From theory you can learn a couple of things about a kayak. The better you are at understanding the theory, the better you will be at comparing Kayaks. But not even a very experienced theoretical person, will be really good at comparing kayaks for another kayakers situation. What really matters is how the kayak compare in reall life, not how it will behave in theory.
That is, the absolute best way to compare Kayaks is for yourself to test them (I have been comparing sea kayaks). Compare them by sitting in them, and compare them by paddling them, and compare them by testing their limits (limits which are based on your capabilities and desires at current skill level). After all, a kayak can be a very large investment (investing in both the kayak itself as well as the time invested in paddling the kayak).
If you call it a kayak, it does not say so much. Even if you specify it a bit more by calling it a sea kayak or ocean kayak, it remains a description which is quite vague. A sea kayak is meant to be stable enough to be in the sea.
- Ok, but do you want to surf with the kayak?
- Or is the most important thing to carry a load for a week inside the kayak?
- Or is it paddling speed that is the important thing?
- How important is it to be able to roll the kayak?
- How important is a rudder?
- Do not forget it should be compfortable.
If you do not know what you find important with the kayak, it is still hard to compare different kayaks. I have tested a lot of kayaks (mentioned in choosing a kayak for tall people). I have condensed the important things to consider into general guidelines on how to choose kayak. I have discussed the importance of different things that can be used to compare kayaks with a lot of people. And then realised that some people I talk with are more or less only focusing on if the kayak is going to be fast and easy to drive forward. Others are interested in if it will be stable. I myself is very interested in how it behaves in surf. I am not expecting to surf that much, but I do want a kayak which if I find myself in waves, behaves well. The kayak I have bought (a NDK Romany), was bought for the purpose of being comfortable and behaving well in surf, and with the added wish that it should handle turns well, have good knee or thigh braces for contact with the legs for edging/rolling.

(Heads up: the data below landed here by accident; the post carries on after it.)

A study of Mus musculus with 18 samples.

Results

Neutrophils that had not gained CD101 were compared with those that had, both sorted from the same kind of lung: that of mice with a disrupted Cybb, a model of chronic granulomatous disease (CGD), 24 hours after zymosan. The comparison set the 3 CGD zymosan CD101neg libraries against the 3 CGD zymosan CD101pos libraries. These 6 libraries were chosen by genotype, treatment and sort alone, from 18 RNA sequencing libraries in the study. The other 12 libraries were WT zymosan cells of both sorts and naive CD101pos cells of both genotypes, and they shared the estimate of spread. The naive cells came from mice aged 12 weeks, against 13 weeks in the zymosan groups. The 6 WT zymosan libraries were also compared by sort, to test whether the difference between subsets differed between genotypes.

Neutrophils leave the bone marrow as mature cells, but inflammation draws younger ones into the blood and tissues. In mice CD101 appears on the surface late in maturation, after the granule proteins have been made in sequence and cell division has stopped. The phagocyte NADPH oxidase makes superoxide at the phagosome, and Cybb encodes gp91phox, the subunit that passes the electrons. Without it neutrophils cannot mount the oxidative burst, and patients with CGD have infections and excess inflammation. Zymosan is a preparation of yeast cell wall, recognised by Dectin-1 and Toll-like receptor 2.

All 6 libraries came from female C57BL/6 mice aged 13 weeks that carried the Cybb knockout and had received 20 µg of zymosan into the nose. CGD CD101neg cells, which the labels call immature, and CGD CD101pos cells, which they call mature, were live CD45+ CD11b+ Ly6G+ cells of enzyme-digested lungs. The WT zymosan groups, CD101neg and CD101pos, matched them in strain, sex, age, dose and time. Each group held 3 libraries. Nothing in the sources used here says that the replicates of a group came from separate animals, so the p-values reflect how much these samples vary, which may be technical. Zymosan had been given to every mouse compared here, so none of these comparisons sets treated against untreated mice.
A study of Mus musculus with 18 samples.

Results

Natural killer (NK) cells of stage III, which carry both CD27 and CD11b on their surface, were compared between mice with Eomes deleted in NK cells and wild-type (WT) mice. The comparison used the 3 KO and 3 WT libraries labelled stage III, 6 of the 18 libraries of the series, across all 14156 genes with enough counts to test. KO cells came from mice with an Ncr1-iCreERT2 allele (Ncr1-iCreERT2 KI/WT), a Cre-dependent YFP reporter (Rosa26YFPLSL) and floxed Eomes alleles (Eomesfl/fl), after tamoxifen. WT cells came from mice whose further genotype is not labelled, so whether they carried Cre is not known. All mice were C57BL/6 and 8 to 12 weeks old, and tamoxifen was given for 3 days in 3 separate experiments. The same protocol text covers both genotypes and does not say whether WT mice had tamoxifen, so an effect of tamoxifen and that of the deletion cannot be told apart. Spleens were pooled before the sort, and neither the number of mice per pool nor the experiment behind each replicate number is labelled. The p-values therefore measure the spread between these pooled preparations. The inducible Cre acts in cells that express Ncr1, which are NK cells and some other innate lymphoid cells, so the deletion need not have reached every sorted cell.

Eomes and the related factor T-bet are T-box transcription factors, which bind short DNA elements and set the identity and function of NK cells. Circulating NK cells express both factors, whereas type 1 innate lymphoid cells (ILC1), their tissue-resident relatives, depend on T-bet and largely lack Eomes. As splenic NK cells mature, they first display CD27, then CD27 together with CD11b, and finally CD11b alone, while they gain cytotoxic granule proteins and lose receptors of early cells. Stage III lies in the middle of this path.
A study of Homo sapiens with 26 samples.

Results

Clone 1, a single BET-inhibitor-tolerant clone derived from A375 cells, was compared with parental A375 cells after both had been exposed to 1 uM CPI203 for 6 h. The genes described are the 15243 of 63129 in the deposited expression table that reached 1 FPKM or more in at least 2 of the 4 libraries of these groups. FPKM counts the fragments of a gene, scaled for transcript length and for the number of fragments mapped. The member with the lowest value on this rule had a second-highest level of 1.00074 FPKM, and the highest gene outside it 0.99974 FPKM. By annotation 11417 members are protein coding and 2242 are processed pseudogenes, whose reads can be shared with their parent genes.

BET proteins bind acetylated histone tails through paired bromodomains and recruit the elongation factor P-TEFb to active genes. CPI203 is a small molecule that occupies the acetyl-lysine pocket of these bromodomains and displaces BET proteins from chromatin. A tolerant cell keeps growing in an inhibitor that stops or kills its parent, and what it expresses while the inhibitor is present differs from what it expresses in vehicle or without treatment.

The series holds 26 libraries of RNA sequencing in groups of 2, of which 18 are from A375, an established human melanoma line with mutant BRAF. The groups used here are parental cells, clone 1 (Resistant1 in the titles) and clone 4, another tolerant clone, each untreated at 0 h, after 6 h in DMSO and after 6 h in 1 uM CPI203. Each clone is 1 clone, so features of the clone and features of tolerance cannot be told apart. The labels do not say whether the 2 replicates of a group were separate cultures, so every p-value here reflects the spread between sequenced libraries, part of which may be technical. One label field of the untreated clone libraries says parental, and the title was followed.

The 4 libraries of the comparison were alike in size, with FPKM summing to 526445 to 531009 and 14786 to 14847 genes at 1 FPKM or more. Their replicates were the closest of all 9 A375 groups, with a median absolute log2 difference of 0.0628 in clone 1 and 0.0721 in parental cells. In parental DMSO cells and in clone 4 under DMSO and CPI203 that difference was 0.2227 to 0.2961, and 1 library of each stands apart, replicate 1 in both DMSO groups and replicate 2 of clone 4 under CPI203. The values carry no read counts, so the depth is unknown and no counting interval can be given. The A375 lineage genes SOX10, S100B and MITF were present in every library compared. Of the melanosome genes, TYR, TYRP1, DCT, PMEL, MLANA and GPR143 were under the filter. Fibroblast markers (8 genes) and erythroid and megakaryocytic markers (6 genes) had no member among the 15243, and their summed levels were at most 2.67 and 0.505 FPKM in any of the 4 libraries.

I also wanted it to be easy to drive forward, and with high paddling speed, and able to take a lot of luggage. But in order for it to surf well, I had to select a little shorter kayak, thus saying that speed was of less importance in the comparison, and also the ability to carry stuff.
A very experienced Kayaker would not compare Kayaks by listening to beginners. For example an experienced kayaker would not compare Kayaks capability and easyness to roll by asking beginners who can not roll.
- In the same way, if you are a beginner, do not expect experienced paddlers to be able to tell you if a Kayak will be stable for you based on how they experience the Kayak. Similarly, do not expect a person with very different size to be able to judge how the Kayak will fit you or behave for you, based on their experience from the same Kayak.
This means that if you can not try a Kayak yourself, but want a well based opinion on how it behaves, listen to those that has tried it and have a similar situation that you, or to those knowing peoples reactions from similar situations.
- So if you are looking for how a long beginners would feel the stability of a Kayak, listen to what long beginners says, or what trainers for beginners can tell about how long beginners experience that Kayak. Do not expect short experienced persons to be able to give an opinion that is even close to how it would feel for a long beginner.